Liverpool Pride of Place in new artwork for The Museum of London

ENTWINED_museum-of-london-commission

Liverpool Pride of Place in new artwork for The Museum of London.

A major painting commission for the Museum of London, by Merseyside based artists and twin sisters Amrit and Rabindra Singh, places Liverpool as pride of place in a cityscape representing British Asian achievement in the UK. The painting, which focuses on an important episode in British Indian history (the Indian Mutiny or First War of Indian Independence) and explores its social, economic and cultural impact on today’s multicultural Britain and global society is listed as one of the top 5 paintings to see at the Museum’s spectacular new £20 million Galleries of Modern London which opened to the public on 28 May 2010.

Titled ‘EnTWINEd’ the commission by the Singh Twins responds to the Museum’s paintings by Henry Nelson O’Neil, Eastward Ho! and Home Again, acquired in 2004. These canvases, painted in 1857 and 1858, show British soldiers embarking for the First Indian War of Independence and then disembarking after completing their tour of duty. Rather than indulging in flag-waving heroics, they concentrate very effectively on the domestic impact of war. Any sense of what that war was about and what its ramifications would be is missing.

Taking the composition of the O’Neils as their point of departure, the Singh Twins have used the idea of disembarkation to develop an image, which touches upon the Indian Diaspora throughout the British Isles. Amongst the figures disembarking from the ship are 20th century campaigners for Indian Independence, including Mahatma Gandhi, veterans of the First and Second World Wars, representing the role that Indians have played in the British Army, and the artists’ grandmother and father. Almost in the middle of the composition is the prominent suffragette, Princess Sophia Duleep Singh. The photograph from which this image derives is in the Museum’s suffragette collection. Sophia Singh was daughter of Duleep Singh, the last Maharaja of The Punjab, who was a favorite of Queen Victoria and stands richly attired at the lower-right, next to a mehendi-sporting Madonna. The Twins appear at bottom right wearing the official Singh tartan – one of the many symbols of British/Indian, cross-cultural influence and developing relations that are reinforced through the representation of other figures in the panting such as England cricketer Monty Panesar, Prince Charles, Victoria Beckham and the Signature, the Bhangra Michael Jackson finalists from Britain’s Got Talent.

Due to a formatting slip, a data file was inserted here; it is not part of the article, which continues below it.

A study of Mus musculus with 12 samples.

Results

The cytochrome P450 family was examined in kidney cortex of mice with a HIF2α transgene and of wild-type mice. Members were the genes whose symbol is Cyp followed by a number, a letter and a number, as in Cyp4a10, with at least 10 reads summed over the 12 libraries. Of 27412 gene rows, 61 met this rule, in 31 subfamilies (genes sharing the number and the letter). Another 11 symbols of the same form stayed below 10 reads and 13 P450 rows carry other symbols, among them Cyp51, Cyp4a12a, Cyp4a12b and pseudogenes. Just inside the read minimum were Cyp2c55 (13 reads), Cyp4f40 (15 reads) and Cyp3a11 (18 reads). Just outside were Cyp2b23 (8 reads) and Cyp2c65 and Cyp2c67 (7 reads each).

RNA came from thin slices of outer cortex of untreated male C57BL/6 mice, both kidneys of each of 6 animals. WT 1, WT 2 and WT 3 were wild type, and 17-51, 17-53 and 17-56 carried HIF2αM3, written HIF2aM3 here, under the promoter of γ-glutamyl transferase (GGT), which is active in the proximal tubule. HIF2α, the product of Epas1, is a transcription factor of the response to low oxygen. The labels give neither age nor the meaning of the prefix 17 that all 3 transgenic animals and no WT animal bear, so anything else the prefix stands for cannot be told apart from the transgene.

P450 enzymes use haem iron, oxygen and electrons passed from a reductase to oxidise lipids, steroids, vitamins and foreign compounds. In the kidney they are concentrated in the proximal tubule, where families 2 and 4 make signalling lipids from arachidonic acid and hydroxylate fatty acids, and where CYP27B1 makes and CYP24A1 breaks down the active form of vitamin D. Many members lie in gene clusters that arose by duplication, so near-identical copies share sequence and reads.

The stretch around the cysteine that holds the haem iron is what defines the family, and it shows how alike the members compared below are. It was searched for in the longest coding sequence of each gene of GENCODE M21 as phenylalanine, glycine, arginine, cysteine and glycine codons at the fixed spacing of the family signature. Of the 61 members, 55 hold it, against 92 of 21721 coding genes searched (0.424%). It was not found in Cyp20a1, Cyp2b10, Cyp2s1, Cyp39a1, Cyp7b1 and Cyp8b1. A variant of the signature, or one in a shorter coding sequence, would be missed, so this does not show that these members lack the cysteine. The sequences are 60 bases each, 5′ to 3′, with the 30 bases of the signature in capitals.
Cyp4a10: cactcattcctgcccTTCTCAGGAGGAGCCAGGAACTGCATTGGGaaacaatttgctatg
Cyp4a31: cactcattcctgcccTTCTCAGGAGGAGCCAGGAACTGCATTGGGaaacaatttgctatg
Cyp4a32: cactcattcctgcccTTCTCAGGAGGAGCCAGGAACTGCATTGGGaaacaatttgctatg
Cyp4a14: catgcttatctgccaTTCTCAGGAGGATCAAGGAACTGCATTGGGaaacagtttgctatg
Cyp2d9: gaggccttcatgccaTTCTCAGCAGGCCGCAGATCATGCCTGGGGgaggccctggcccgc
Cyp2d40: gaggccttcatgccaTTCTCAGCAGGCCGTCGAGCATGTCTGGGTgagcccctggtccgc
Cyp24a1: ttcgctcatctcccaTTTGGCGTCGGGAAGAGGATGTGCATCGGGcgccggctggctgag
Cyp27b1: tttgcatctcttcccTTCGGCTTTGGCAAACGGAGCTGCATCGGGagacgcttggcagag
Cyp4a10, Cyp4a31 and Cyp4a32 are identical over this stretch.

The figures portrayed in the clouds are the freedom-fighters Guru Gobind Singh, Shiva Ji and Maharaja Pratap. Analogies between the official propaganda surrounding the Indian War of Independence and the current War on Terror are drawn in two quotes: one from Feroz Shah, which scrolls around the left-hand border; the other from George Bush, which occupies a cartouche at top-right. The finished painting is an extraordinary and eclectic mix of the historical and the contemporary, the serious and the ephemeral. It takes pride of place in the new Galleries of Modern London alongside the O’Neill paintings.